Seeking His Presence by Teresa A. LeNeave;What we owe our pastor
Teresa A. LeNeave
What we owe our pastor
By Teresa A. LeNeave
Two things happened this week that inspired this article. First, a reader gave me a photocopy of What I Owe My Pastor. I don't know where they got it so I can't give credit to the author. All I can tell you is that I did not write it. Second, this week, my daughter's pastor preached his last sermon at Community Fellowship Church admidst a lot of tears and sadness from his congregation. CFC is a growing and active church. They have two Sunday morning services and hundreds of members. He was a much loved pastor, but left for another church he felt God called him to. He will definitely be missed.
With those two things happening I couldn't help but think about the relationship between a pastor and his flock. I think the pastor-member relationship is a relationship like no other. People look to their pastor to help solve all their problems. They ask hard questions and expect him to know the answers. They expect him to be honest above all others; to be on call 24/7; to be available for all unexpected crisis; and to be at the hospitals, nursing homes and the funerals. He is there for the weddings, the births and the deaths. He is expected to hear, and convey, the message God has for the church body. All this causes a bond of trust and love between a pastor and the congregation. The Bible says a true pastor is a shepherd. As such, we, the members of each church, look to our shepherd for spiritual guidance.
The question is, "Do we owe our pastors anything for all they do for us?"
I need to say here, you can't paint everything, and everybody, with a broad brush because some pastors are not really pastors at heart. Some are just preachers. But, if your pastor is a true pastor, s/he deserves honor as mentioned in the following piece that a reader gave me this week:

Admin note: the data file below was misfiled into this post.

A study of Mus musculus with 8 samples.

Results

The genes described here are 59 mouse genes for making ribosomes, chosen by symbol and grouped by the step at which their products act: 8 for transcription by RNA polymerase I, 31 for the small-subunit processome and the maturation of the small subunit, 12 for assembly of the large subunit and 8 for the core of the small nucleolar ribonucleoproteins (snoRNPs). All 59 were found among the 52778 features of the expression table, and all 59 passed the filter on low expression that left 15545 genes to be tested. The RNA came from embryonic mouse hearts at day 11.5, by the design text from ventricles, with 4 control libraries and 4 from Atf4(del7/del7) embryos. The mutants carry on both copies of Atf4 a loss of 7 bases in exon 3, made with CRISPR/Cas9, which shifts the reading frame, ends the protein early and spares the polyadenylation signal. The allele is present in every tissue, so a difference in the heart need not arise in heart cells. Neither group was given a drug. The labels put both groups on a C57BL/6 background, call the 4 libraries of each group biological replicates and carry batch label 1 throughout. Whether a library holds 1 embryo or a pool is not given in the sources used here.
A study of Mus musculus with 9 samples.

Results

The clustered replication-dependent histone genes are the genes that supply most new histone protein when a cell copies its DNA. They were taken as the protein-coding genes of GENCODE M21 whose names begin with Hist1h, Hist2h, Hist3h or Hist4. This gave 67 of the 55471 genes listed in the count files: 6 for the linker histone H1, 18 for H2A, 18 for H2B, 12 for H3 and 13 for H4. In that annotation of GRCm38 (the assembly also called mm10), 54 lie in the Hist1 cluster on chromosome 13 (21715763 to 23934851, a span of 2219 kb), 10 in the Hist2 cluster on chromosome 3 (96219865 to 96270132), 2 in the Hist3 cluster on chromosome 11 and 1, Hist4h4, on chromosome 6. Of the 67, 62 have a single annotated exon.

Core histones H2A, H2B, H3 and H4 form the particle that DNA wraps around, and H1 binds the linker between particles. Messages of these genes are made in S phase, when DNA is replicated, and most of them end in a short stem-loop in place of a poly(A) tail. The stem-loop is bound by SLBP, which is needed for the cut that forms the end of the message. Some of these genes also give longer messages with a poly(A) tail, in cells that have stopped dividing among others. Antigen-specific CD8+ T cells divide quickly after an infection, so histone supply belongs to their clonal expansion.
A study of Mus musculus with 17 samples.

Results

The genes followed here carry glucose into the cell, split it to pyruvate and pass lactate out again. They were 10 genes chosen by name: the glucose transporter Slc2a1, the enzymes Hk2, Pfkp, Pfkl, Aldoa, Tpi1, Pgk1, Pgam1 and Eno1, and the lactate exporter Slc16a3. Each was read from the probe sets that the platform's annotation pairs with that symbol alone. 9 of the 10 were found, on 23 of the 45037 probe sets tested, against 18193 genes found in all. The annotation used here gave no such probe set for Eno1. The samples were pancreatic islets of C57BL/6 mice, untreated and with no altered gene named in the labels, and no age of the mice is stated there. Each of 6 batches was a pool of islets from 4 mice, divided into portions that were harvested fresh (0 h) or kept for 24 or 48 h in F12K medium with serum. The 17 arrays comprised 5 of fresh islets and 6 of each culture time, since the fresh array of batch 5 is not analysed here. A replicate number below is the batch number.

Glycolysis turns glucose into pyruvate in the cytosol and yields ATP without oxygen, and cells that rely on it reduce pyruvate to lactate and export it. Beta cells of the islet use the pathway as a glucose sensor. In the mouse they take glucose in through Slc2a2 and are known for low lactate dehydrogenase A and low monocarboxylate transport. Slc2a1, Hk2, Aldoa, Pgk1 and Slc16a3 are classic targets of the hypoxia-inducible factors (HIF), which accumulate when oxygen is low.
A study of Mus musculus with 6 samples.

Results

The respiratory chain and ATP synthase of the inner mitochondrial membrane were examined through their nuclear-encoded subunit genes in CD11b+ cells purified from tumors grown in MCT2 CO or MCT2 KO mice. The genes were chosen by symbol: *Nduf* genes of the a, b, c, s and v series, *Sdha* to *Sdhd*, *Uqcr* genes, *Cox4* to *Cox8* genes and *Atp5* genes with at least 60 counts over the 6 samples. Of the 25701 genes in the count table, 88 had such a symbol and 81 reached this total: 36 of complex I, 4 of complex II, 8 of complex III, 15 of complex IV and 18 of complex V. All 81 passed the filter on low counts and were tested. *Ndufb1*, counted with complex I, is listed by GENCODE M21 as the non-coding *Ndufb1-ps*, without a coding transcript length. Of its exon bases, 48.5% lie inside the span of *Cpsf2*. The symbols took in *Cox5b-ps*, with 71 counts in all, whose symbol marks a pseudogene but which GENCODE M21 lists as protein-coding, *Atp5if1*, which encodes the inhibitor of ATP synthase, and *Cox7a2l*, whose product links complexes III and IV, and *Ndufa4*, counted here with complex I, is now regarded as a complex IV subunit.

What I Owe My Pastor
REVERENCE. I owe my pastor reverent attention while he is preaching the living Word of God. I should not be disrespectful by talking or checking cell phone messages, or disrupting the service in any way. I owe my pastor the courtesy of attention when I go to church. I owe my pastor the courtesy to teach this to my children.
TRUST. I owe my pastor trust. Trust that he hears from God, and that his messages are for my benefit, sent to teach me a better way of living.
PROTECTION. I owe to my pastor the protection of kind silence and prayer if I hear someone slandering him or my church. I owe him the honor of not participating in the gossip, but standing up for him when possible because I understand he has difficulties in life just like we all have.
ENCOURAGEMENT. I owe to my pastor encouragement in that I don't burden him right before the service with my personal gripes or disapprovals. I understand this hinders the work of the Holy Spirit, for he is trying, at the time, be in an attitude of worship.
PRAYER. I owe to my pastor to pray for him each day. He has the burden of many, many people on his heart. Even Apostle Paul requested prayer. If Paul needed prayer, then I know my pastor needs and wants it as well.
AID. I owe my pastor aid to help in his ministry of the church, when and where he needs me.
APPRECIATION. I owe my pastor a kind word of appreciation when his ministry is helpful and encouraging to me. Appreciation strengthens him and helps to bond the body of Christ in unity.
TIME. I owe my pastor my time for his time. I expect him to study and pray and have a message for each service. I owe him my time to come and listen to the message he prepared for me.
So now, what do you think? Do you owe these things to your pastor? If you owe it, it may be time to pay up.